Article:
Racing to Aviation

Project Description

Keith Koontz

Hagerstown Branch Campus, MD
Program: Aviation Maintenance Technology (AMT)
Employment: Republic Airways, Senior Technician

For recent Pittsburgh Institute of Aeronautics (PIA) alumnus Keith Koontz, his path to a rewarding career in the highly sought-after field of aviation maintenance all started with his lifelong love of cars.

“I’ve always been around cars and machinery, both maintaining and racing them,” says Koontz, who also competitively races vehicles in the Northeast Ultimate Super Late Model Series. “After I had been working at a CNC machine shop for about four years, I wanted to learn how to work on bigger and more advanced machines.”

To obtain his Airframe and Powerplant (A&P) certification in just 16 months, Koontz enrolled in 2015 at PIA’s Hagerstown, MD, campus. After graduating in 2017, Koontz accepted a job offer from Republic Airways at Reagan National Airport (DCA), where he works as a Senior Technician. Koontz’s career path from mastering smaller machines to larger ones has helped him land one of the most in-demand jobs in the U.S.

That’s where eager students like Keith Koontz — and trusted schools like PIA — come in.

“The most beneficial part of my training at PIA is that it was focused on figuring out how to solve problems,” says Koontz. Analysis and problem-solving are crucial skills that he now deploys each day — because, as he explains, “you never know what kind of day you’re going to have, or what kinds of challenges you’ll need to solve. And for me, that’s the best part.”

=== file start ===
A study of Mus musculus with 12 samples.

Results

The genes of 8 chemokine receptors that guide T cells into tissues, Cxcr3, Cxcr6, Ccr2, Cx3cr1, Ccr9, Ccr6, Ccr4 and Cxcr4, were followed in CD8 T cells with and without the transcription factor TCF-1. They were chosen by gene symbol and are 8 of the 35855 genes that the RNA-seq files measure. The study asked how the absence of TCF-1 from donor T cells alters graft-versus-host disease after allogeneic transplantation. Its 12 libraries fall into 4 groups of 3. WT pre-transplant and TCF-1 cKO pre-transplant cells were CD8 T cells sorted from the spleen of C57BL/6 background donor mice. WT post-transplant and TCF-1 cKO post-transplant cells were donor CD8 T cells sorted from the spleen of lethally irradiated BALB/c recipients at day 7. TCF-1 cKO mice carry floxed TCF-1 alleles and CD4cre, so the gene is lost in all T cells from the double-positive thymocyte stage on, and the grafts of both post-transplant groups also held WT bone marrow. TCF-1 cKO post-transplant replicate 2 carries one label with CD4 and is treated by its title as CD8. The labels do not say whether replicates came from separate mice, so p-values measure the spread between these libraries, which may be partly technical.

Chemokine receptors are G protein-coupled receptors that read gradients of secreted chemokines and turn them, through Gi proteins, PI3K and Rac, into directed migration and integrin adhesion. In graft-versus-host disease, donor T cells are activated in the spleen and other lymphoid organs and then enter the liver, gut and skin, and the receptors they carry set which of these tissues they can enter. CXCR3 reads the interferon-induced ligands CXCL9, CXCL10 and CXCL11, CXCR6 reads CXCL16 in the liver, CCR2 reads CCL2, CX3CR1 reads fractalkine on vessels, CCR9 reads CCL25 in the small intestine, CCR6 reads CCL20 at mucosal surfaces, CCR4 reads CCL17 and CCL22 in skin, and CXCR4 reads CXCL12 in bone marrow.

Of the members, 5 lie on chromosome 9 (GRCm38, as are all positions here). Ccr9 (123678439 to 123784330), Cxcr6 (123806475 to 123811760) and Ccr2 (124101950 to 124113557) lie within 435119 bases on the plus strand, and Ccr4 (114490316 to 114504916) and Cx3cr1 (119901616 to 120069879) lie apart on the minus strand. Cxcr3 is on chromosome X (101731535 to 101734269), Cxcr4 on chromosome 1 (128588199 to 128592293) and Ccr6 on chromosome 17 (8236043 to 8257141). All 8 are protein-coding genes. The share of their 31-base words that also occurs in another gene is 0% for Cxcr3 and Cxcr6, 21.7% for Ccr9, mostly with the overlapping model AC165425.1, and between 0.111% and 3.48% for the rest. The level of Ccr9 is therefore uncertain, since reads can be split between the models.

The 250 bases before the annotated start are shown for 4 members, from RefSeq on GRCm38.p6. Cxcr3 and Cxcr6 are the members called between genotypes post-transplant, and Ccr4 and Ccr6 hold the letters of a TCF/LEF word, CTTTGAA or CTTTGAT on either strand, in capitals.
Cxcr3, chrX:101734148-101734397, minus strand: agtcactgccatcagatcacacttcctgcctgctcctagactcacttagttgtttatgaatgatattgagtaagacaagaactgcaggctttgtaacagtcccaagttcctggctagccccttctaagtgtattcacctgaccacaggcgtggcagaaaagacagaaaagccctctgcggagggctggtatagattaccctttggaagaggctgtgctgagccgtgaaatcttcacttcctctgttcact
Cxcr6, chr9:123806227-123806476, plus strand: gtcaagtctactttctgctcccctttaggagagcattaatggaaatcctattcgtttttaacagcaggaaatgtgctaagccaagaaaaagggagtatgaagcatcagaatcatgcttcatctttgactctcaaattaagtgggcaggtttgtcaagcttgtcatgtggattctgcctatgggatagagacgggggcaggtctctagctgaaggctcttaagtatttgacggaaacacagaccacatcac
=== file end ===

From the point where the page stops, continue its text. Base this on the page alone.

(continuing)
Koontz says his typical workday starts at 5 A.M., when he arrives at Reagan and makes sure all of the Republic Airways airport trucks and equipment are ready for the day. Then the planes that were overnighted at the base get powered up and prepared for the arriving pilots. Along with their scheduled daily maintenance checks, Koontz and his team also get gate calls for the planes that come and go throughout the day. Sometimes those aircraft have maintenance needs that must be tended to before their next flight. Finally, before his shift ends at 5 P.M., Koontz makes sure all the trucks are checked and ready for the night crew’s use.

What advice would Keith Koontz offer to anyone who is considering pursuing a career in the aviation field?

“Never stop expanding your knowledge and skills,” says Koontz. “You can never learn enough.”